Epic horse ride comes through Tadworth

Anthea Chambers of Wildwoods Training Centre with Megan Lewis, Peng Wen Chao and Rowena Gulland

Anthea Chambers of Wildwoods Training Centre with Megan Lewis, Peng Wen Chao and Rowena Gulland

First published in Latest News Streatham Guardian: Photograph of the Author by , Chief reporter

A 62 year old woman who has spent four years riding a horse from one Olympic Games to the next stopped off in Tadworth on the final leg of her marathon journey.

Megan Lewis, 62, has dealt with deserts, mountains, broken ribs and dying horses in her 8,000-mile charity trek spanning 12 countries from Beijing to London.

She set off from the Great Wall of China and aims to reach Greenwich on Monday, July 23 - but stopped off at the Wildwoods Training and Riding Centre in Ebbisham Lane, Tadworth, on Wednesday evening along with two Chinese riders and two of her relatives.

The Welsh pony breeder mounted the challenge for charity Challenge Aid, which raises money for disadvantaged children and is run by her husband.

Pamela Towill and Anthea Chambers, who run the horse training centre, are delighted to be a part of history.

Mrs Towill said: "There are not many 62-year-olds who would do this. 

"It’s incredible and fascinating as Megan has travelled across the world.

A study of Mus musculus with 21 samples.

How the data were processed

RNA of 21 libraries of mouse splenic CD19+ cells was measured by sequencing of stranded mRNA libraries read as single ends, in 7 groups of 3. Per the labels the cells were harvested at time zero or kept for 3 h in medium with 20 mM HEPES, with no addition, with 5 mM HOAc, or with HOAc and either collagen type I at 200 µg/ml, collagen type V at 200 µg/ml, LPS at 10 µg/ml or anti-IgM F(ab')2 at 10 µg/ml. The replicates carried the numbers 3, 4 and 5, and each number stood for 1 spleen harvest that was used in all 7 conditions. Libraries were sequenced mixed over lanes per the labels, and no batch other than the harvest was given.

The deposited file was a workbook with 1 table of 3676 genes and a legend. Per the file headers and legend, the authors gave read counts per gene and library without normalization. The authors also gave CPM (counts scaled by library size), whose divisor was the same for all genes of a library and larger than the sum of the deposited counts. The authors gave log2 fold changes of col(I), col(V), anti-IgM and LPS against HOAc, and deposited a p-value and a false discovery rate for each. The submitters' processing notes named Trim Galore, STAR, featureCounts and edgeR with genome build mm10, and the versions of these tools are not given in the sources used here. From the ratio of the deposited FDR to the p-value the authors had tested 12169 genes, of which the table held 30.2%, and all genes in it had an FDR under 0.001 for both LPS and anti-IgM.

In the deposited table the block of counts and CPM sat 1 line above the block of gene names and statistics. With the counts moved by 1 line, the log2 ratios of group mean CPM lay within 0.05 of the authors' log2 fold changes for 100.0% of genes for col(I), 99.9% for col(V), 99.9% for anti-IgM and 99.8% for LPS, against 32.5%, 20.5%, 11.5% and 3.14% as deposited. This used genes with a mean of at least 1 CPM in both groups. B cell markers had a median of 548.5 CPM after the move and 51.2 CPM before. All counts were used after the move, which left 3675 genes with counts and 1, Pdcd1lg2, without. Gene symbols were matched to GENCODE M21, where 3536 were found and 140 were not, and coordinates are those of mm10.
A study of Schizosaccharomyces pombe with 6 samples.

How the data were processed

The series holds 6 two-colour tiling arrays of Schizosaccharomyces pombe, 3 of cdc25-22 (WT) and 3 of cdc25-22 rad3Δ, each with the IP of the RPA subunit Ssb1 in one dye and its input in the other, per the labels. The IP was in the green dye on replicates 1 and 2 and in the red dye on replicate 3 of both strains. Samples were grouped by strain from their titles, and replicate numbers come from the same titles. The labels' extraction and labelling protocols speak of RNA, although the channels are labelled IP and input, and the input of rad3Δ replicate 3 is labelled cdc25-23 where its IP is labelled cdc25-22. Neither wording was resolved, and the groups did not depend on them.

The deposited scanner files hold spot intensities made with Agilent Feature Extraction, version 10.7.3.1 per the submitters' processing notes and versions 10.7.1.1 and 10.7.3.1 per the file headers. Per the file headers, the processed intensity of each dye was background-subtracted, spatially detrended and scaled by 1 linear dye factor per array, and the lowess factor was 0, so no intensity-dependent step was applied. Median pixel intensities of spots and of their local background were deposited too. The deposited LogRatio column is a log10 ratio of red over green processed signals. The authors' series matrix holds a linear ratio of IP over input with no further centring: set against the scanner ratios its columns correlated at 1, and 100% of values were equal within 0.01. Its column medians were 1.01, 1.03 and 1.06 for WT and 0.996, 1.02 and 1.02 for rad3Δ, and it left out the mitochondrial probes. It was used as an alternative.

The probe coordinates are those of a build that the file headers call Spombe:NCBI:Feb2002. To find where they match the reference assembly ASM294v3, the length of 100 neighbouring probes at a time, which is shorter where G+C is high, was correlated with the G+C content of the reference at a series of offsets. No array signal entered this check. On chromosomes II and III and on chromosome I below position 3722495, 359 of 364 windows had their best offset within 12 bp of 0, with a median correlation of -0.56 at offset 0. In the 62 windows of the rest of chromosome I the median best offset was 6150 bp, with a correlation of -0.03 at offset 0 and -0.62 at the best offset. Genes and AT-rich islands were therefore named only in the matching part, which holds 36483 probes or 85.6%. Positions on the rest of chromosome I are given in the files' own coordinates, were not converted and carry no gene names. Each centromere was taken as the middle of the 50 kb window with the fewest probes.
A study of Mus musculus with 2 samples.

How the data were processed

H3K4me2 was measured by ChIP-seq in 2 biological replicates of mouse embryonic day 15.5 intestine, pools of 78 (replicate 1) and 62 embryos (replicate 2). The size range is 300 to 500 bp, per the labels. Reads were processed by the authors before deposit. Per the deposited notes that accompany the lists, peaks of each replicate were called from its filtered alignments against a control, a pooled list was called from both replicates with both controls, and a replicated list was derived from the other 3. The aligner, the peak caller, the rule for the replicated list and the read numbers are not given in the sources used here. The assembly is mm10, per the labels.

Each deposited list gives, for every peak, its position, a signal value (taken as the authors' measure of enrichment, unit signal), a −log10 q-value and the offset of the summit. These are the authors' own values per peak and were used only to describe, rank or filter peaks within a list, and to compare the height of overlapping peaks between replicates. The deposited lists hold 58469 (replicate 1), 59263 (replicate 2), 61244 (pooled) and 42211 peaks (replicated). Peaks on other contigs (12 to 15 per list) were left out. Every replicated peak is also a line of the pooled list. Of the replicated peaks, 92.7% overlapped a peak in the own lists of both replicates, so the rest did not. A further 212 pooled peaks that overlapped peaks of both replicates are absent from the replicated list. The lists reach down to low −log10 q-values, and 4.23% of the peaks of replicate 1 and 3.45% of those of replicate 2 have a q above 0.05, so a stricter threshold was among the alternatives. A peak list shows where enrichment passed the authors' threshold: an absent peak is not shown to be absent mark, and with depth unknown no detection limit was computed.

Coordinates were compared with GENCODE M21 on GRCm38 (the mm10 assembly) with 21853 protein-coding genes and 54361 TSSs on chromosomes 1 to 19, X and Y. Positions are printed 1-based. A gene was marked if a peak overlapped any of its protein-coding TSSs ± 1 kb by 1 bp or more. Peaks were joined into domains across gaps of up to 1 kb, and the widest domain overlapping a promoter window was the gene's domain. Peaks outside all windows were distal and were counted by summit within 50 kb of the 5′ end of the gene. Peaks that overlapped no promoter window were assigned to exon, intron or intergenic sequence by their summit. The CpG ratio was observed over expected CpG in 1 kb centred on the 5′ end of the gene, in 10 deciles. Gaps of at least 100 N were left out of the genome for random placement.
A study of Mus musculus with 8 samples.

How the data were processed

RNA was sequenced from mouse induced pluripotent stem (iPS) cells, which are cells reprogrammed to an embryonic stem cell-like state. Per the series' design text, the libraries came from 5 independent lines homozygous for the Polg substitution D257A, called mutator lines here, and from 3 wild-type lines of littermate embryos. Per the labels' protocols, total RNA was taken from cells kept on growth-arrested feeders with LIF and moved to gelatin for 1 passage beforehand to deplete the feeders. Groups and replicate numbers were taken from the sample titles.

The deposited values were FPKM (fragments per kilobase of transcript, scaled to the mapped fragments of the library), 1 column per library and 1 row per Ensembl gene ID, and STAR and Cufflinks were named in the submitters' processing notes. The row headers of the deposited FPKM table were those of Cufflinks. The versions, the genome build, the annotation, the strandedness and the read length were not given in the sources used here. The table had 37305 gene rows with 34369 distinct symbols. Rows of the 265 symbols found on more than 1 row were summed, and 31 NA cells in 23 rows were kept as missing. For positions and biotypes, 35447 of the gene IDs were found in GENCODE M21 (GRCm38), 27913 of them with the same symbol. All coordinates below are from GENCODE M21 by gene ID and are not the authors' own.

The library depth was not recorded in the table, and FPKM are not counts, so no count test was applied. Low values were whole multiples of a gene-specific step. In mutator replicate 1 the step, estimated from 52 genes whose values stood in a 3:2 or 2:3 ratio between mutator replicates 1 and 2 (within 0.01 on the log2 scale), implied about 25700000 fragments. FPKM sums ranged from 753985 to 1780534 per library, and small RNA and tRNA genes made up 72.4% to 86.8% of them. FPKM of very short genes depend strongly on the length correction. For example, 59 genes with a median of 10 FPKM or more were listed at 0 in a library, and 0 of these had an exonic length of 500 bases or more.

"She is an amazing woman.  We are honoured that she even asked us to put her up for the night. 

"We encourage people who want to do work for charity and this is something worth supporting."

Ms Lewis said she believes she is the first person on a horse to ride the Great Wall of China and to cross Eurasia on horseback.

She said: "I have had various setbacks.

"I broke six ribs and punctured a lung in the first week, which set me back.   But you just keep your head down and keep going.

"We lost one or two horses but it was nothing to do with the ride, it was bad luck during the rest period."

But as Ms Lewis approaches her final destination she is saddled with a huge problem.

After dreaming of a welcome party at Shooters Hill’s equestrian resource centre in Greenwich she has been refused entry by Greenwich Council on health and safety grounds as the site is "still being built".

She will be welcomed by Bexley and Bromley councils on her way to Greenwich instead, but said it was "a bit of anti-climax".

She added: "In the long run it doesn’t make any different but at the time it makes you feel you have achieved something."